Investors desperately seeking diversification amid all the volatility in stocks both in the U.S. and abroad found some salvation in commodities last month as 15 of 19 constituents in the Dow Jones-UBS Commodity Index gained ground.

The paralyzing combination of the U.S. debt ceiling debate, compromise and subsequent debt rating downgrade and prolonged uncertainty surrounding Europe's own debt crisis conspired to drive stocks down throughout the month, giving institutional investors every reason to move money into commodities-based funds and indices.

"Commodities posted broad-based gains in July, outperforming equities due to a combination of demand for hard assets and generally tight supply conditions, Nelson Louie, Global Head of Commodities at Credit Suisse Asset Management, said in a statement. "However, prolonged uncertainty surrounding the European debt crisis and U.S. monetary and fiscal policy has contributed to increased volatility in commodities markets and widespread risk aversion."

Not surprisingly, precious metals led the charge last month, rallying up 10.1% as investors snapped up gold as a reserve currency alternative. Industrial metals, buoyed by strong demand from China, moved higher while livestock and agriculture moved up 3.1% and 2.8%, respectively, for the month.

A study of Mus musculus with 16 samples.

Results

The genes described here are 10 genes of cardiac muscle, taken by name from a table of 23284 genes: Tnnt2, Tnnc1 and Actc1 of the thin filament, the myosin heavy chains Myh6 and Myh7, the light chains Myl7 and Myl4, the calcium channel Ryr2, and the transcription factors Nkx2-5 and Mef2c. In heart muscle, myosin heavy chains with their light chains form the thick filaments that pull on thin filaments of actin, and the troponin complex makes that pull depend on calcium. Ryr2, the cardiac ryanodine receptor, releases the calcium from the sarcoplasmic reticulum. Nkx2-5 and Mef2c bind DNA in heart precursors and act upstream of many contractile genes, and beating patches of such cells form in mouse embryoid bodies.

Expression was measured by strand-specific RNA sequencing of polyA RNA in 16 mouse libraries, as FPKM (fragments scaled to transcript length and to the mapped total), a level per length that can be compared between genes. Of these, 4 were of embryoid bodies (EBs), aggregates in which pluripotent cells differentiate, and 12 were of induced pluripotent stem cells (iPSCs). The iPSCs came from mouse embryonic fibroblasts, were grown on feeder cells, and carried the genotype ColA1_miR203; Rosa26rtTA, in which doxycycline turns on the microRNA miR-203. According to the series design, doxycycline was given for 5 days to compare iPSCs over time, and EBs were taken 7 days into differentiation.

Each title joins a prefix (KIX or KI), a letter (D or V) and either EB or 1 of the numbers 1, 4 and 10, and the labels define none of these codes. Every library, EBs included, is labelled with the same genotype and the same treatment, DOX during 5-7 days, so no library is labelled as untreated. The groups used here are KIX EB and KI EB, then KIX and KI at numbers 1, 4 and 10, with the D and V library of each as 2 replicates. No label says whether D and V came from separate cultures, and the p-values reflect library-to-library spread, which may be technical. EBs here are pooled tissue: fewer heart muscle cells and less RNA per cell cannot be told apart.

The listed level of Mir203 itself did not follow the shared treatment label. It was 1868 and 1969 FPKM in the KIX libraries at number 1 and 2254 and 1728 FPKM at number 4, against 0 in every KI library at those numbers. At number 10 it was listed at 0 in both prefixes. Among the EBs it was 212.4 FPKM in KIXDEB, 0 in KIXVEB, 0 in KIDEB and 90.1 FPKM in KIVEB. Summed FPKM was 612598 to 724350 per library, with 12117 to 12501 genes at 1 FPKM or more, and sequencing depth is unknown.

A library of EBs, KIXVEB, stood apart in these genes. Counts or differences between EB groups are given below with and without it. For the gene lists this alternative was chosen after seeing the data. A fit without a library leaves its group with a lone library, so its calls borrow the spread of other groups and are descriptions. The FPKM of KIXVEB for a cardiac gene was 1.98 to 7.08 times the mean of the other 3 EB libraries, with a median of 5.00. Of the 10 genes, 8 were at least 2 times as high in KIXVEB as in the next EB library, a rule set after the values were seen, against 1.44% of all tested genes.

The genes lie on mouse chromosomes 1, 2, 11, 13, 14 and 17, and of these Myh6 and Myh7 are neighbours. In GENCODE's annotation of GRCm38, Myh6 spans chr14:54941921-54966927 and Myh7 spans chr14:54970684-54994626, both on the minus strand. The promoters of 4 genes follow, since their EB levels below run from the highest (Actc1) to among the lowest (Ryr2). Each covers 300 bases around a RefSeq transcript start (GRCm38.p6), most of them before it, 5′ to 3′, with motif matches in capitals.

Energy was the only sector to post a loss for the month, losing 0.83%. Crude oil was relatively unchanged, despite gasoline and heating oil posting gains of 4.39% and 4.66%, respectively. Strong U.S. onshore production and increasing Canadian imports amid a constrained infrastructure system depressed West Texas Intermediate (WTI) crude despite tight supply in global markets, contributing to increasingly strong margins for refined products in the U.S.

Lumped together, the Dow Jones-UBS Commodity Index Total Return rose 2.96% for the month.

"In the long term, we believe commodities will continue to offer value for investors despite risk aversion and potential volatility across capital and commodity markets," said Christopher Burton, senior portfolio manager for the Credit Suisse Total Commodity Return Strategy. "Political disagreements and elevated government debt levels in Europe and the U.S. pose risks to derailing the global economic recovery."

"The uncertainty surrounding this can impact traditional asset classes and commodities differently," he added. "Therefore, we believe investors will continue to benefit from the diversification benefits that commodities provide."